Bob Mayo, Stonepoint Member
I have a friend at the ministry and sometimes we get into interesting discussions. Half the time they are by email because we work in different departments. But the discussions are sometimes fun, challenging, and filled with disagreements (we laugh about that and say we will always “agree to disagree” when needed). So the other day, we started discussing JOY and what it meant for us as God’s people to have it. So my friend emailed me and asked for my thoughts on the subject. So here is what I emailed back.
First of all I thought we needed to define the word joy. When you look up the word joy in the dictionary, you come up with the following definition: “The emotion evoked by well-being, success, or good fortune or by the prospect of possessing what one desires (Websters Dictionary).” That isn’t a bad definition, but if you read it carefully you will see that it is pretty much tied into our circumstances. If things are going well, if we have a good day, if we get the new job then we feel joy. But Scripture has a little different definition. Here is the definition I found in Ungers Bible Dictionary: “Joy is a delight of the mind arising from the consideration of a present or assured possession of a future good.” Do you see the difference? Biblical joy looks to the future, not the present.
Maybe a couple of passages will help explain this. Two of my two favorite passages in the Bible regarding this are Acts 20:22-24 and Hebrews 12:1-3. Let’s look at Acts 20:
22 And see, now I go bound in the spirit to Jerusalem, not knowing the things that will happen to me there, 23 except that the Holy Spirit testifies in every city, saying that chains and tribulations await me. 24 But none of these things move me; nor do I count my life dear to myself, so that I may finish my race with JOY, and the ministry which I received from the Lord Jesus, to testify to the gospel of the grace of God.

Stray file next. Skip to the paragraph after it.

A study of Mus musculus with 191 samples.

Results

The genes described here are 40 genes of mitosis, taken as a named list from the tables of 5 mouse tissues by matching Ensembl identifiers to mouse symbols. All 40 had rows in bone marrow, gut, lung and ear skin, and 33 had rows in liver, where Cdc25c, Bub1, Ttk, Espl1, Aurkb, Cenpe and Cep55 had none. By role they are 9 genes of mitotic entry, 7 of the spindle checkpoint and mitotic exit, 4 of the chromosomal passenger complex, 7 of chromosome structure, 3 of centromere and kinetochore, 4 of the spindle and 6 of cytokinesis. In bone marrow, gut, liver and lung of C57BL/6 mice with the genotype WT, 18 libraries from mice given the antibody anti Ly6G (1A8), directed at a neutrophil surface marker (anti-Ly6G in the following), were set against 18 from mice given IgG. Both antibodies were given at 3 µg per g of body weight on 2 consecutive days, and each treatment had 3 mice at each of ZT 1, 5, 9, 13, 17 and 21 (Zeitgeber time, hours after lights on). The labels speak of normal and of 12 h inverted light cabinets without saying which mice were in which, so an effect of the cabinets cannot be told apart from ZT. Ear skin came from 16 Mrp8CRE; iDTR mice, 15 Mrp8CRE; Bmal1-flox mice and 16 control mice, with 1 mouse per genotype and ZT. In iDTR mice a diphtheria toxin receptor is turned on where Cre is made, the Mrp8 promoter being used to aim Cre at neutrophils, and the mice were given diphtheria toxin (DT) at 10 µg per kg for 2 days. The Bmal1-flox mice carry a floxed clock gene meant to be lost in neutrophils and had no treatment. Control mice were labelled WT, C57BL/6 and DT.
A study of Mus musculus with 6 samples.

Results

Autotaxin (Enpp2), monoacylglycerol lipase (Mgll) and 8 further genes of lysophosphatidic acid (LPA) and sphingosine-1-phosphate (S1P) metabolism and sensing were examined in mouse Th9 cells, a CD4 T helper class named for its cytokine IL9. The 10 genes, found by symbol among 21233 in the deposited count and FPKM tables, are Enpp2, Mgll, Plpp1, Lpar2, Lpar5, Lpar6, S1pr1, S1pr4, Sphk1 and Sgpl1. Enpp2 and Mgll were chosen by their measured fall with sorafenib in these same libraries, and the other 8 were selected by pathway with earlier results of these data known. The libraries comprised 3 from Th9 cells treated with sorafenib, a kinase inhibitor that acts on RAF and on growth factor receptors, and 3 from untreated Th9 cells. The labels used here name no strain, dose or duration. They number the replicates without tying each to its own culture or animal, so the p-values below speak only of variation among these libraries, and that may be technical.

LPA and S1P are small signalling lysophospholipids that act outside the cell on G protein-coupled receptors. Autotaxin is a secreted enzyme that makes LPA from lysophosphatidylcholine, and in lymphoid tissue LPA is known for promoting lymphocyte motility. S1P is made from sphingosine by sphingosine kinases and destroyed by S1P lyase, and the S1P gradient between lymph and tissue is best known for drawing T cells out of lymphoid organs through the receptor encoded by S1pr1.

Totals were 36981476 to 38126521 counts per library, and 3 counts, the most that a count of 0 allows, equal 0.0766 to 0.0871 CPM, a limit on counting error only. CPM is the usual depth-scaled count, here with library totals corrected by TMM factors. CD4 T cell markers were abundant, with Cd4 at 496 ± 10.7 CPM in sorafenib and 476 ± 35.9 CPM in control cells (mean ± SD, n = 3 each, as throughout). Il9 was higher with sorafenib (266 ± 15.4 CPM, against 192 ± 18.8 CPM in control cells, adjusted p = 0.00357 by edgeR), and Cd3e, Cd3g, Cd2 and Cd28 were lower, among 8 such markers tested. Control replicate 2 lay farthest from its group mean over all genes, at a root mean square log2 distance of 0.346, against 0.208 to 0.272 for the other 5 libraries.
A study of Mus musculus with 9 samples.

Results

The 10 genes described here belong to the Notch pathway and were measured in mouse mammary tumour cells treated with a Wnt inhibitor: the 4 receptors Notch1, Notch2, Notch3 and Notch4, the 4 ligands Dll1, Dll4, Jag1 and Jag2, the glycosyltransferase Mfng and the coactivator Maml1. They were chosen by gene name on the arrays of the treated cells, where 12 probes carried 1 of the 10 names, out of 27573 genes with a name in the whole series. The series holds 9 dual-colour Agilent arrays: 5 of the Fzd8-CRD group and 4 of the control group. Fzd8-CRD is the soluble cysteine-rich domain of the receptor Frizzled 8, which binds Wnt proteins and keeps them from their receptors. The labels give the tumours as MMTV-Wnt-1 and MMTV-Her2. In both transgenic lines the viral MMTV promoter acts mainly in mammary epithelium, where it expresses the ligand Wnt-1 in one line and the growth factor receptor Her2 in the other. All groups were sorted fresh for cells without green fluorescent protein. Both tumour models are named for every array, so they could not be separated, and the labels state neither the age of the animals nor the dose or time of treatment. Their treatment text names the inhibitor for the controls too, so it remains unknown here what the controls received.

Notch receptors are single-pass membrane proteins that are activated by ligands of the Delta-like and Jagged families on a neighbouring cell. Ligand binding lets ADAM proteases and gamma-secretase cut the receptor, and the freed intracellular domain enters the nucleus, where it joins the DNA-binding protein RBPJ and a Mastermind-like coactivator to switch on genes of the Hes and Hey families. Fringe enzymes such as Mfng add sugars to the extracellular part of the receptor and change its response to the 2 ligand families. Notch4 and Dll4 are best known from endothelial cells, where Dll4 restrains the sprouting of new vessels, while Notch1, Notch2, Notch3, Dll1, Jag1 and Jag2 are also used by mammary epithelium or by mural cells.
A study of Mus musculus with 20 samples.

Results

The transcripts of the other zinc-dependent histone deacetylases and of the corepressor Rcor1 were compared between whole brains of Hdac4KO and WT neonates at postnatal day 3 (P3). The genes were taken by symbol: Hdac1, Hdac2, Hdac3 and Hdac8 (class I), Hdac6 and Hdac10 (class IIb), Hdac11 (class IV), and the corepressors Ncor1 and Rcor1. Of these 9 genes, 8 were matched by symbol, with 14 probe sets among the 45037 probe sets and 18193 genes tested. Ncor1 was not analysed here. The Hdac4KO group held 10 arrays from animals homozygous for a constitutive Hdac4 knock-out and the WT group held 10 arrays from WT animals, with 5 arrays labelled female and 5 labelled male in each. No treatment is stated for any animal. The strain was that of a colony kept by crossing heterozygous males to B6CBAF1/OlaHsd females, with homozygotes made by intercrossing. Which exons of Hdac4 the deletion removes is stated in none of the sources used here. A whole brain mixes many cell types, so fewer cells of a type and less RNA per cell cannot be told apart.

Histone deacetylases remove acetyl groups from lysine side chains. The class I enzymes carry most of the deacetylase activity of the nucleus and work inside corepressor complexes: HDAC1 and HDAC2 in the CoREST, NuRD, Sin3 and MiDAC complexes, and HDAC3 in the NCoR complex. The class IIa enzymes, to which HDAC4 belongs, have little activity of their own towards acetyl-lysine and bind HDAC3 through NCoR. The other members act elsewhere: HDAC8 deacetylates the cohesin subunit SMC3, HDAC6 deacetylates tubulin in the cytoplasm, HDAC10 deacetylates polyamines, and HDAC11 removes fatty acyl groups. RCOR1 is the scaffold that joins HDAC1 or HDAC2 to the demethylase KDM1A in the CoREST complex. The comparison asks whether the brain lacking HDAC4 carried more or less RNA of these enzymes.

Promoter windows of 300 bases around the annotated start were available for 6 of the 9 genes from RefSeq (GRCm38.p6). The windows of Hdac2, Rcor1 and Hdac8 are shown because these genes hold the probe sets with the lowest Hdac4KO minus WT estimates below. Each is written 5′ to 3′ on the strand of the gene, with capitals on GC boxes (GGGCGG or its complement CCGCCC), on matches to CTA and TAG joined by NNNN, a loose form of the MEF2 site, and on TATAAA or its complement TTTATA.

This passage always challenges my heart. Here was Paul on his way to Jerusalem. God, through the Spirit told Paul that nothing but trials and hardship awaited him. Not really happy news, is it? But Paul didn’t hold on too tightly to his life. His attitude was that none of these things move me. I just want to preach the Gospel and finish my race with joy. There was nothing Paul could see in his life that would be considered fun or happy. But Paul could still have joy. Why? Because he knew how it would end. He would be with the Lord and many people would be with him because of the sacrifices Paul made. I can’t fathom that kind of life, but I would sure like to.
One more passage, Hebrews 12:1-3:
12 Therefore, since we have so great a cloud of witnesses surrounding us, let us also lay aside every encumbrance and the sin which easily entangles us, and let us run with endurance the race that is set before us, 2 fixing our eyes on Jesus, the author and perfecter of faith, who for the JOY set before Him endured the cross, despising the shame, and has sat down at the right hand of the throne of God. 3 For consider Him who has endured such hostility by sinners against Himself, so that you will not grow weary and lose heart.
Of course, Jesus is the supreme example of a life of joy. In this passage it says He “for the joy set before Him endured the cross.” The cross certainly was not going to be a fun or happy experience, and Jesus knew that. He knew there would be pain, suffering and, worst of all, a total separation from the Father. Yet Jesus could have joy because he knew the end. Satan would be defeated, the veil of the temple would be rent symbolizing that man now could have victory in Christ and total access to the Father. In other words, it was all worth for Jesus. And whatever we face, it should be worth it for us too.
We are weak people. But our Lord can give us the strength and courage to follow Him with all our hearts. Hebrews 12:2 tells the way to keep going is to fix our eyes on Jesus. That is the only way for us to keep going without growing weary and losing heart. I pray God will encourage our hearts during these trying times.